Are You the Bully in the Workplace?

Whether you witness or exhibit workplace bullying, learn how to fix and report it.

August 30, 2019 | 

Issue: Fall 2019

If you have checked even one box, you are guilty of some form of workplace bullying. If you recognize bully-like behaviors in yourself, it’s time to take a good, hard look in the mirror and hold yourself to higher professional standards. As a professional, your behaviors should not reside anywhere on the bullying behavior spectrum.

Bully, Meet Empathy

Ask yourself this: Could you handle what you dish out? Before you answer, “Yeah, I’m tough, no big deal,” consider being a new employee, 10 to 15 years younger with less life experience, and expected to carry oneself with ease and confidence in the workplace. Would that change your answer? It should; empathy is a critical emotion in stopping behaviors that may be viewed as bullying.

Generally speaking, people in the veterinary profession have a higher degree of empathy.2 How can a naturally empathetic person act in a way that negatively affects others? The answer is that many bullies have developed a psychological denial mechanism that allows them to hurt others and be okay with it through self-justification of their bad behavior(s) or harsh words. The bottom line is that bullies often don’t realize that they are bullies.

Bully, Meet Karma

Try to practice empathic interrelating with co-workers and subordinates; if you don’t, karma will likely take care of your behavior for you. Karma is a Sanskrit word in the Hindu religion and is the spiritual principle of cause and effect where intent and actions of an individual (cause) influence the future of that individual (effect). In other words, bad intent and actions lead to “bad karma” for the person. If your thoughts, words, or behaviors are negatively affecting others, at some point the world will reciprocate and others will behave in a way to negatively affect you. Your bullying will be reflected back at you in the lack of respect you get, the stress you carry, or the way you are perceived by co-workers and subordinates.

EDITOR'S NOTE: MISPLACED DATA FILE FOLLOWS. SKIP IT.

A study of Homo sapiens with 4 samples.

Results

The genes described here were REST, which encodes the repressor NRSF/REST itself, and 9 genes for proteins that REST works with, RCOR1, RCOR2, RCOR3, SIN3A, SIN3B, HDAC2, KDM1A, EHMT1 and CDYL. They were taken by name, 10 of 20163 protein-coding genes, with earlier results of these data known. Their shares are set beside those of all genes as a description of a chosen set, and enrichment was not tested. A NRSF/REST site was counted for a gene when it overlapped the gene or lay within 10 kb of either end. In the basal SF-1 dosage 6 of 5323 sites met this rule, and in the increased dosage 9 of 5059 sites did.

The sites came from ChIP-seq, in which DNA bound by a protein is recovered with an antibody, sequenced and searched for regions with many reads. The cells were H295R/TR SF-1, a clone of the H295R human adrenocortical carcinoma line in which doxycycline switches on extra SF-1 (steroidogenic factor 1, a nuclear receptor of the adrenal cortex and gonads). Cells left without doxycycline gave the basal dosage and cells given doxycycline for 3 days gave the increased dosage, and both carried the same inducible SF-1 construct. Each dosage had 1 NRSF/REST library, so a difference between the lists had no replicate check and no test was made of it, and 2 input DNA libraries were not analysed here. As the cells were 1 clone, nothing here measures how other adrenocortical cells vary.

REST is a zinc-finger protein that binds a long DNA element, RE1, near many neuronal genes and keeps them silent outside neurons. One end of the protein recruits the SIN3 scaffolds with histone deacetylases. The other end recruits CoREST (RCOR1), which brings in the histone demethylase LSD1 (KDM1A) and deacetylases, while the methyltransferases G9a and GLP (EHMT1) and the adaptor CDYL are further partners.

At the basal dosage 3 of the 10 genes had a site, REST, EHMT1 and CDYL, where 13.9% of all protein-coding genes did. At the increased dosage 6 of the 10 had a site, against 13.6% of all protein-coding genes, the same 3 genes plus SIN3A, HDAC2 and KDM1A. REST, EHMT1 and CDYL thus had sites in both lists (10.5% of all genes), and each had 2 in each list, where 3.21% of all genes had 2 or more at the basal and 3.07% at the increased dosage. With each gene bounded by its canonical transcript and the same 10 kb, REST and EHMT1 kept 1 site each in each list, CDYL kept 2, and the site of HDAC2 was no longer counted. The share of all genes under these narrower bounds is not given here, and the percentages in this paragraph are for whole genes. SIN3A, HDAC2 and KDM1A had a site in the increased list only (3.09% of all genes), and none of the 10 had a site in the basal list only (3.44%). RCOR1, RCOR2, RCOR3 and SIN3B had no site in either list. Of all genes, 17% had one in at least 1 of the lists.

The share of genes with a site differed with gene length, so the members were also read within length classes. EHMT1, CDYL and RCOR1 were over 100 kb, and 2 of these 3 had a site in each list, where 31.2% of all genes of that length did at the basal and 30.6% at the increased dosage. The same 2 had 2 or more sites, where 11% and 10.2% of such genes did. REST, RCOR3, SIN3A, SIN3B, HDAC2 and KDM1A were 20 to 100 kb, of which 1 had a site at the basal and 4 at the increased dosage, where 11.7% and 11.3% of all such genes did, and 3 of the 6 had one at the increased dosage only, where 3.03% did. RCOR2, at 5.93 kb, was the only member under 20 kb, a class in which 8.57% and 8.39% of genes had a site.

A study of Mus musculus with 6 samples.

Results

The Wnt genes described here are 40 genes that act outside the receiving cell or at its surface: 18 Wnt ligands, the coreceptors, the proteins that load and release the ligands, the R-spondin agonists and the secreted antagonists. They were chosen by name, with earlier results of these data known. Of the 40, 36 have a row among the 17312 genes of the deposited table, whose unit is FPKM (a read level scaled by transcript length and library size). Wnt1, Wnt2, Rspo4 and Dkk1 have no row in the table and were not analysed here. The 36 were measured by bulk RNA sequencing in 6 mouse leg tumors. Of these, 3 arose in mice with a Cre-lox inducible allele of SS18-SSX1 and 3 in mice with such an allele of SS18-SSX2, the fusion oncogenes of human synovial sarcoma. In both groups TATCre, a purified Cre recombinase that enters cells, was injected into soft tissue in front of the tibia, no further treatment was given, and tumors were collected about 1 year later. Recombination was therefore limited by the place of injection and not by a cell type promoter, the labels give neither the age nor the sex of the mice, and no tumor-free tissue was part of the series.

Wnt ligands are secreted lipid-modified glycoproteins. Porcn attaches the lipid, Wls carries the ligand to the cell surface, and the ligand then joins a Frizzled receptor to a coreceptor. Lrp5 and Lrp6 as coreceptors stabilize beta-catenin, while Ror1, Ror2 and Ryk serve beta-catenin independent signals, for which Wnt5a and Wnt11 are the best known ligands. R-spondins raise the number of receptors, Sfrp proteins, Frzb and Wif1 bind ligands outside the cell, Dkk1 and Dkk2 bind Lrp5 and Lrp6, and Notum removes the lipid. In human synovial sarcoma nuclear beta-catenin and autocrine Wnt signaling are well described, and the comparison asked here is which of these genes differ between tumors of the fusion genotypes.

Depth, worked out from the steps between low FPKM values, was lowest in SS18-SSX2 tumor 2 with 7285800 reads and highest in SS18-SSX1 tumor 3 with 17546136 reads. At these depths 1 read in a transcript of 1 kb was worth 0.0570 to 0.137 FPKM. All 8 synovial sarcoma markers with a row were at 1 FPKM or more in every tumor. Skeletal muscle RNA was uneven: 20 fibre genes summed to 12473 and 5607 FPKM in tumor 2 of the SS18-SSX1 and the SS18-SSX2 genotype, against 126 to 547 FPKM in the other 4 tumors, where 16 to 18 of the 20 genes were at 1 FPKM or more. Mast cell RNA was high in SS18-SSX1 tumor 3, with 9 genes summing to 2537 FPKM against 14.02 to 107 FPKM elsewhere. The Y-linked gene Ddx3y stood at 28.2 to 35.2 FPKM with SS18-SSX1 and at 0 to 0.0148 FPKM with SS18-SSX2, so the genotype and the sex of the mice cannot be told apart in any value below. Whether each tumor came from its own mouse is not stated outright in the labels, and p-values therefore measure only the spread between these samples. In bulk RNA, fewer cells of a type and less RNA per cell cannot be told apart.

These are the negative outcomes related to your actions. They include being viewed as unprofessional, having poor interpersonal skills, not being a team player, being the initiator of unnecessary drama, not being considered for advancements (pay and position), or even termination with a negative mark on your career record. Leading or contributing to the demise of another—either emotionally, physically, or professionally—is a sign of personal weakness, not strength, and has a negative effect on the people around you and the culture of the workplace.

There are no winners in the bully-victim relationship. The victim is harmed, the bully is misunderstood by others while holding a false sense of power and strength, and the team can’t work together comfortably, which means clients and patients will not experience the highest level of service from the practice. The truth is, power and a desire to hold others back won’t get you very far in the veterinary profession. Empathy, self-awareness, and a desire to help others succeed will position you to be a trusted, caring veterinary professional, which opens many doors for professional growth.


1. Namie G. 2017 WBI U.S. Workplace Bullying Survey. Workplace Bullying Institute. Accessed April 30, 2019.

2. NAVTA Wellbeing. National Association of Veterinary Technicians in America website. Accessed May 2, 2019.